1. Make sure the superstars are comfortable
Once all the planning, constructing, investing and honing has been completed, the first test in terms of feedback will come from the athletes themselves as they enter the bizarre parallel world of sporting prowess known as the Olympic Village. As Delhi from the last Commonwealth Games, and Rio themselves, will tell you; introducing them to anything but five-star comfort is likely to result in a back-page news story comprising a picture of a toilet. A no-news-is-good-news barometer should be strived for by Tokyo when they face that same heart in mouth moment in four years time.
2. Nobody enjoys traffic jams
In the hierarchy of importance, just below the athletes come the spectators who will descend on the city from around the globe. Inevitably, Tokyo’s public transport and highways will come under more scrutiny than ever before in the odd expectation that the area should be prepared for an outrageous saturation of people. Such are the burdens of hosting an Olympics though, and while it will be impossible to appease some of Tokyo’s - for a short while, trapped - residents; for just this month, it is the tourists that will have to be put first.
3. Strive for sustainability gold
When it comes to building a sustainable Olympics, silver simply won’t do. As London and Rio have found, the pressures on making the event look like value for money is a fruitless task, but can be alleviated by adopting the right processes in the build up to the games, and in partnering with the right - ethically sound - companies from a sponsorship perspective. “Each one [Olympics] will get better because at the end of the day, in terms of its impact on sustainability and supply chains, the general consensus now is that we’re destroying the planet and we need to do something to reverse that trend,” said Crimson & Co’s General Manager of Latin America, Richard Gurney.
4. Safety first
Perhaps this goes without saying, and this certainly wasn’t a trend overlooked by Rio this summer, but security is paramount. Inevitably, an event of such magnitude is dressed up as a prospective target and danger area for its duration, and making spectators, athletes, the media and indeed Tokyo’s inhabitants feel safe throughout is something that needs to be enforced both audibly and visibly. Ultimately, on this front, the success can only be assessed once the Games have been completed unscathed, but saying and implementing the right things prior to the Opening Ceremony is half the battle.
5. Bums on seats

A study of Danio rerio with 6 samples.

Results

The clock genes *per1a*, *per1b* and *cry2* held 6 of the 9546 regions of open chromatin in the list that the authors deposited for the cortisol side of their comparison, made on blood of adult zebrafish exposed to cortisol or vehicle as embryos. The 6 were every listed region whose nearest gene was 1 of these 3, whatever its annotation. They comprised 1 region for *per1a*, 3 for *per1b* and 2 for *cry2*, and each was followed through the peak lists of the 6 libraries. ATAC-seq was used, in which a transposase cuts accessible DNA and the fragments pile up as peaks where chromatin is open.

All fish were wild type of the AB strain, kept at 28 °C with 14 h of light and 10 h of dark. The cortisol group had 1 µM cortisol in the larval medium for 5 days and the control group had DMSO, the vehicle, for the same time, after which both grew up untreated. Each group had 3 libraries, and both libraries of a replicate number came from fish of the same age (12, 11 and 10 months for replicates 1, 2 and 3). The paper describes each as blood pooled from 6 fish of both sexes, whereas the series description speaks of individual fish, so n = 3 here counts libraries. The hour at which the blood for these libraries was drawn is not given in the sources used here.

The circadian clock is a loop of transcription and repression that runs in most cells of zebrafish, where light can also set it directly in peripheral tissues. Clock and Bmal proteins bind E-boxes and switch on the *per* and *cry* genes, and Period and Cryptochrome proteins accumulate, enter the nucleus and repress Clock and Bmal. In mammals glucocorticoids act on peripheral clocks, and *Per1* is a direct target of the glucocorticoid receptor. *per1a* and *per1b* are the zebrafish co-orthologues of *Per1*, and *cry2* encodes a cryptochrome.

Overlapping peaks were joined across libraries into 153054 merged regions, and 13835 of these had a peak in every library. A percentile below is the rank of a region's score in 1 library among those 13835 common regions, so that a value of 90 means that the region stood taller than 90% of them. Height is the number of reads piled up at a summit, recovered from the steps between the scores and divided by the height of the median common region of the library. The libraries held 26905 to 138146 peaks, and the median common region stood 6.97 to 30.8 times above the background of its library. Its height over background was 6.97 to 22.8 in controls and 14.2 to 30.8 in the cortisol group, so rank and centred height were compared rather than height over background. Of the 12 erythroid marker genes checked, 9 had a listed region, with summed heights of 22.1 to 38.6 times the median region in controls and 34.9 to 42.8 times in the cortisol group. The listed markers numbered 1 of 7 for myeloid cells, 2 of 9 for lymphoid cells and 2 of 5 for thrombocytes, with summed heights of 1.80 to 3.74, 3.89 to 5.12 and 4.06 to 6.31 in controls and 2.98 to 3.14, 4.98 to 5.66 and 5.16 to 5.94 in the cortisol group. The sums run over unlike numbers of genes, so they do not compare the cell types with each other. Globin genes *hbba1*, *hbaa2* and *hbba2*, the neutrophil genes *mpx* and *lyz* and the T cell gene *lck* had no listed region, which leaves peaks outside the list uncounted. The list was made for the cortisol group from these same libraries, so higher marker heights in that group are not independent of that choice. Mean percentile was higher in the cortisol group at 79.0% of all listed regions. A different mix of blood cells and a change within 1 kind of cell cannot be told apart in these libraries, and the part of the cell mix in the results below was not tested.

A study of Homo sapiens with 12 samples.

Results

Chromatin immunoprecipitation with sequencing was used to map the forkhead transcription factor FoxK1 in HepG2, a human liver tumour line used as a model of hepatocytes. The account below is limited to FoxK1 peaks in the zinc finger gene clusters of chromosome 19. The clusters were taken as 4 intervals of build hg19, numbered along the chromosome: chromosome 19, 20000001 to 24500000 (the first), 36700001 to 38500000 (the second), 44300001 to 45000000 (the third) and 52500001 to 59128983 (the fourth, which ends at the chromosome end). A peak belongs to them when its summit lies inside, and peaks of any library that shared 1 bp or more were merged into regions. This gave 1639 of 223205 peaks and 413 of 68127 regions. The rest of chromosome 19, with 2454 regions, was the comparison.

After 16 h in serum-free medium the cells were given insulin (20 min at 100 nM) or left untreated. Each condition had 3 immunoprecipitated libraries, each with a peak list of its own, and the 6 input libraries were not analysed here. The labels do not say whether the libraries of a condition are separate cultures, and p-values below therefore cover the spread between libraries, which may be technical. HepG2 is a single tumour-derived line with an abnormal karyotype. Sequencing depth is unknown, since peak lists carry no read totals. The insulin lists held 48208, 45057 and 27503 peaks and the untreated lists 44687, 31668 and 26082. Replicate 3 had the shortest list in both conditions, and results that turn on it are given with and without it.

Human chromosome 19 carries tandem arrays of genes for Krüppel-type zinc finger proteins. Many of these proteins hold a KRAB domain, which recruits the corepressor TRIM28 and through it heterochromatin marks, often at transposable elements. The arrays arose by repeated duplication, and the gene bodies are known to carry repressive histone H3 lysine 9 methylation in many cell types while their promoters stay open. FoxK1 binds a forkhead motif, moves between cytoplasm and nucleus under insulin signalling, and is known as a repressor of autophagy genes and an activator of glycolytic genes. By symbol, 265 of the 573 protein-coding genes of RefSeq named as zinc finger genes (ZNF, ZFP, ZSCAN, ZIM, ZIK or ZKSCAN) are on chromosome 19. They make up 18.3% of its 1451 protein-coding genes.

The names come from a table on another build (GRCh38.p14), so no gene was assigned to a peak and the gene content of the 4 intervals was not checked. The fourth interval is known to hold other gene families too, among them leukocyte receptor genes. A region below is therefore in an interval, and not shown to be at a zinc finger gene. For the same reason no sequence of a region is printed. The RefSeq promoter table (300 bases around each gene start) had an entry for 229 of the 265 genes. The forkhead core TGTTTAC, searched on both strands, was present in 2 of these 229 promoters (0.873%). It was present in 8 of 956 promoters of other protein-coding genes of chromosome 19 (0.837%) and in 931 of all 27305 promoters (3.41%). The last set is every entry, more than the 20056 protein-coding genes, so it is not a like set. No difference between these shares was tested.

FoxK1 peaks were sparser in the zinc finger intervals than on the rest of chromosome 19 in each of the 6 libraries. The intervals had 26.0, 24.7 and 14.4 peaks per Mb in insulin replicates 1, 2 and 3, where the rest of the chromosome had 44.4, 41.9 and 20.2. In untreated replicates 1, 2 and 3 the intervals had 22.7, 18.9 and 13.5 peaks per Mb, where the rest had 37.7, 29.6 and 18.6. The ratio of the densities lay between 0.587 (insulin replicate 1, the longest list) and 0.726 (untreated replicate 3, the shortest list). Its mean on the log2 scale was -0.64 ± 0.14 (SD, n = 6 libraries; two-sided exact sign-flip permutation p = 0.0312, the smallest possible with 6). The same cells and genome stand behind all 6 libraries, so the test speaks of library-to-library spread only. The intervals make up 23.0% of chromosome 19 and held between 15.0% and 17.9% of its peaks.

Arguably Rio’s biggest shortfall was depicted - daily - by snapshots of stadia often devoid of people. Beijing posed beautifully for every picture and London truly bought into the Olympic spirit from day one, but Tokyo will have to avoid the negative connotations attached with Rio’s empty seats in order to push through the message of united success and internal approval.
6. There’s a price to pay
One way to ensure consistently full stadiums across all sports over the course of the two weeks is to make them affordable. Obviously this is all relative, and while Rio might not have priced their tickets any more harshly than its predecessors, it still wasn’t proportionate to the disposable income available to much of the city’s population. Tokyo might not have to endure the same challenge to such an extent, but pricing their events sensibly will certainly have an impact on the perceived popularity of the event from a spectator point of view.
7. Communication is key
One inevitable challenge stems from the beauty of internationalism that engulfs an Olympic Games. With so many languages, cultures, outlooks and interests descending on one city in such a short space of time, communication from the Games’ authorities becomes an almost thankless mission at the time, but a lauded achievement afterwards if carried out successfully. Both London’s and Rio’s volunteers and organisers received great acclaim in the way they handled the droves of people around each stadium, and Tokyo will need to do the same to ensure positive customer feedback upon each visitor’s return home.
8. Green swimming pools don’t go unnoticed
Perhaps another one for the ‘this goes without saying’ column but ensuring that the actual sporting facilities are up to scratch is a given that often catches Olympic hosts unaware each Games. Awkward mistakes with national flags or anthems are an embarrassing - and sometimes dangerous - occurrence, while a green swimming pool simply won’t go unnoticed by unnerved divers.
9. Don’t make the media your enemy
Any negatives being reported back to on-looking nations will be done so by, you guessed it... reporters. Putting the outside perception of your Games in the hands of a select few isn’t ideal but it is the way of things, and the media giveth and taketh away depending on the success or failure of each of the aforementioned touch points. For Rio, they went one step further in actually rubbing the press room up the wrong way, with many journalists and broadcasters left without sufficient food options for large portions of their time there. In short, keep them fed and happy, and the odd green swimming pool might be portrayed as humorous rather than a logistical disaster.
10. Create a legacy
Not to sound too cliché, but ever since Athens, the idea of ‘legacy’ and the expectation on Olympic host cities to build a Games armed with long-term positive ramifications has become a deal breaker in not only being seen as a successful event, but in even being awarded the opportunity to begin with. London’s reputation is still intrinsically linked to this idea of legacy four years on, as the Village continues to be moulded into a new-look capital hub for housing, leisure and industry. Between now and Tokyo, the same judgements will be cast over Rio’s post-Games initiatives, and the concept will have only intensified by the time the closing ceremony pulls the curtains on 2020’s festival of sport.